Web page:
Illini defense the program's strength

John Supinie

A reputation doesn't last long in college football.

If the guys on the Illinois defense that ranked seventh nationally and second in the Big Ten behind Michigan State disagree, they need to talk with defensive coordinator Tim Banks.

"You're a great coach today, and you stink tomorrow,'' Banks said. "It's the same thing with the players.

"It's based on what they do this year to determine how good they are, but I'm excited about them.''

While the bulk of the scrutiny last week at Camp Rantoul focused on uncertainty on offense and a search for capable playmakers and blockers, the defense appeared set. Banks took over a unit rebuilt by former coordinator Vic Koenning, who reshaped the Illini defense from 91st in 2009 to last year's lofty mark.

"I challenged them to be No. 1,'' said Illini coach Tim Beckman, a former defensive coordinator. "They weren't the best in the Big Ten yet.''

Defensive end Michael Buchanan, defensive tackle Akeem Spence, linebacker Jonathan Brown and cornerback Terry Hawthorne will likely be playing on Sundays next fall. If the defense overall isn't the Illini's greatest strength heading into the season, then it's the defensive line.

Prior to the season opener against Western Michigan on Sept. 1, the greatest concern for Banks is building some depth and creating more turnovers. Otherwise, it's just hard to hold back the enthusiasm.

"The pieces are in place,'' said defensive line coach Keith Gilmore, the holdover from the previous staff. "It can be a lot similar as far as what we accomplished last year.''

The Illini lost sackmaster Whitney Mercilus to the NFL, but it's hard for offenses to gameplan against a unit loaded with so many superior players.

"You look at all the different points where we have guys who can dominate,'' said Illini quarterback Nathan Scheelhaase. "That's what makes it tough. You have to be deep on defense, but we have four players who are dominant at what they do. You can't run away from four players.''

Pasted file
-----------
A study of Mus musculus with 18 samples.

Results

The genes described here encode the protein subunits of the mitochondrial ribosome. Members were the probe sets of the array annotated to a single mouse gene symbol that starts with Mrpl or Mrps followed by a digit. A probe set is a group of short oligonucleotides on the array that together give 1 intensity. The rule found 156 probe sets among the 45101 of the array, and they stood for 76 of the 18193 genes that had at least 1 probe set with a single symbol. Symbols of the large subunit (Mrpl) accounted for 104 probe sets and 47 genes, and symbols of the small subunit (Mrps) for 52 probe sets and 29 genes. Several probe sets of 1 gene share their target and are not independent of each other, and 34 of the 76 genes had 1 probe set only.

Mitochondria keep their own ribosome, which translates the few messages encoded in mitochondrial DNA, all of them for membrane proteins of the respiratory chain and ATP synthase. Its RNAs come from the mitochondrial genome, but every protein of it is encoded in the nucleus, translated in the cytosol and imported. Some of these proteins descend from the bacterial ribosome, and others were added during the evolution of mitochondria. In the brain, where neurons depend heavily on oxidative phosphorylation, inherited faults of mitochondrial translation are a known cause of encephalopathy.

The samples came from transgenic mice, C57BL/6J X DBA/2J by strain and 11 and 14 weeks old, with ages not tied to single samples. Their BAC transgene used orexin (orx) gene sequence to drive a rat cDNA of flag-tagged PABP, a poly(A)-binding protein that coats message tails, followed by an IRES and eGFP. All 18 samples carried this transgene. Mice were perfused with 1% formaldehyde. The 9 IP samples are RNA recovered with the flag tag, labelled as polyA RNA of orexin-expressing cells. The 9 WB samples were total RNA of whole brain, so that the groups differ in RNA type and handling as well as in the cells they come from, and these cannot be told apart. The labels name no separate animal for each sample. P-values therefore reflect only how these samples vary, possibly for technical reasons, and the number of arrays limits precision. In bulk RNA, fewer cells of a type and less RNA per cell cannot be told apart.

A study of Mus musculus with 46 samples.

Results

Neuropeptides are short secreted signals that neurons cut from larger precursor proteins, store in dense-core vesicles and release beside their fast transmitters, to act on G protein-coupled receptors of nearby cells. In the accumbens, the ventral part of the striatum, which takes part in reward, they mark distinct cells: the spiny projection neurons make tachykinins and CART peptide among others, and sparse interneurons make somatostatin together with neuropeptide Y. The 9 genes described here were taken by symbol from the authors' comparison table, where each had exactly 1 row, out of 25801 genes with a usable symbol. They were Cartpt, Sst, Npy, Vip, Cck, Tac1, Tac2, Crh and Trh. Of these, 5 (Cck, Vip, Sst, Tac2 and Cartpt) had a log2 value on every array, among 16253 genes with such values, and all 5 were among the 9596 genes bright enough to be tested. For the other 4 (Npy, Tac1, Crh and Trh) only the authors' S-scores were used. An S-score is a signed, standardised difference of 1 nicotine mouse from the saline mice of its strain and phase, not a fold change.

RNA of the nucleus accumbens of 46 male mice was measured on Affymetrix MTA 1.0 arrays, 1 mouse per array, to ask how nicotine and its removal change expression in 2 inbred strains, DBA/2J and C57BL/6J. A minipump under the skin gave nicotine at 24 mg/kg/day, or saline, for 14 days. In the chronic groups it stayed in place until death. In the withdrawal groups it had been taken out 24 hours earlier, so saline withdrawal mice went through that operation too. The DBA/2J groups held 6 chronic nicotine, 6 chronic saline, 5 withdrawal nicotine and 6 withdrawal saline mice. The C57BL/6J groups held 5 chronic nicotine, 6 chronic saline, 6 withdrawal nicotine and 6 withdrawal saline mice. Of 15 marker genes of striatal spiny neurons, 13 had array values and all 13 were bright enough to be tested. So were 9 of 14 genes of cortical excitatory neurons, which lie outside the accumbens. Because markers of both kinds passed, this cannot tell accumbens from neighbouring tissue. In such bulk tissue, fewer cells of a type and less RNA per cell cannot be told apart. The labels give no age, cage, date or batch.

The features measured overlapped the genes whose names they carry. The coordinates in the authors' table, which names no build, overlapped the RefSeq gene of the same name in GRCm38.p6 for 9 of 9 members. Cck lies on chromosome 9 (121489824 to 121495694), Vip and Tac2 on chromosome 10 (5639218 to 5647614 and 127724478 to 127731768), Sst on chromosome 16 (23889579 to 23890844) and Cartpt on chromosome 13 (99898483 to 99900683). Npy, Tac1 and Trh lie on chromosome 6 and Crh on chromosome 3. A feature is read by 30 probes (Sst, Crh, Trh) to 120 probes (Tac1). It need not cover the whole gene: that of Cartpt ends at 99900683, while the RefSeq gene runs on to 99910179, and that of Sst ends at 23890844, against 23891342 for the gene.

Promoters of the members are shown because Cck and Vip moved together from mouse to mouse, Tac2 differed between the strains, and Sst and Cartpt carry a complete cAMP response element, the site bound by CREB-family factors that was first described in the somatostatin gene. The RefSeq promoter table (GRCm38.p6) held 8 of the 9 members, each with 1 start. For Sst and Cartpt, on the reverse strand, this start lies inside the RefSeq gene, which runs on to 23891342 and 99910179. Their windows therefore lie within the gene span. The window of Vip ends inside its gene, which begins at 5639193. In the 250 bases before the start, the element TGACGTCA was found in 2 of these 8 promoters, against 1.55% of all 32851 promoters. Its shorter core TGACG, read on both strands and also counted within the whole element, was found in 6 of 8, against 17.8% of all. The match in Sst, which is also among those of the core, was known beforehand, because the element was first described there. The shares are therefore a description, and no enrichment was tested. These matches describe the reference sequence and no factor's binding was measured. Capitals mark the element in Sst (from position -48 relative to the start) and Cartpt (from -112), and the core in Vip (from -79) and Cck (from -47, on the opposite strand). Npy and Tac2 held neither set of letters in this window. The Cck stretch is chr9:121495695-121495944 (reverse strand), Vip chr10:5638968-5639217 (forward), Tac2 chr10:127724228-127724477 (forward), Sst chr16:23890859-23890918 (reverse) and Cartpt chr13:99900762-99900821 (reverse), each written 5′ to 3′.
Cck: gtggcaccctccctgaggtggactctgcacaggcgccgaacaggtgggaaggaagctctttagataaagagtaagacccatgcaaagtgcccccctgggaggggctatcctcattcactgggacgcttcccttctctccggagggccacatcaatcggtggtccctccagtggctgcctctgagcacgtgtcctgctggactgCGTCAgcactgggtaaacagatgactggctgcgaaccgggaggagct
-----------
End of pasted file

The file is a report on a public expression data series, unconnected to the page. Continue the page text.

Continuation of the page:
Buchanan was a second-team all-Big Ten pick last season after getting 7.5 sacks. Spence creates havoc at the point of attack. Brown is "football junkie'' who has great instincts partly because of his hard work, Banks said. Hawthorne will apparently also get time at wide receiver, a position of great concern.

With a few exceptions, the lineup appears settled. Defensive ends Justin Staples and Tim Kynard work at the position opposite Buchanan. Kynard, who made a big impression in the spring, is better against the run. Staples, who must sit the first game after a DUI arrest, is a pass rusher.

At safety, senior Supo Sanni appears set, but sophomore Earnest Thomas is challenging the often-injured Steve Hull at the other spot.

Banks' first priority is building some depth to avoid wearing down late in the season.

"Can we have 15, 16 or 17 guys within our rotations playing a lot of football?'' Banks said. "You have to have that. Asking Buchanan to play 90 snaps from the game one to the championship game is fool's gold. We have to develop guys behind him.''

The scheme is roughly the same, but the terminology is different. The big challenge from Banks to his defense is creating more turnovers. The Illini were tied for 59th last season by creating 22 turnovers last season.

"We weren't very efficient last year,'' Buchanan said. "It's one of those things (Banks) wants to bring to the core group of guys.

"He calls it, 'Feeding the monster.' We want to keep giving the offense a chance to score.''

John Supinie can be reached at Johnsupinie@aol.com. Follow him on Twitter @JohnSupinie.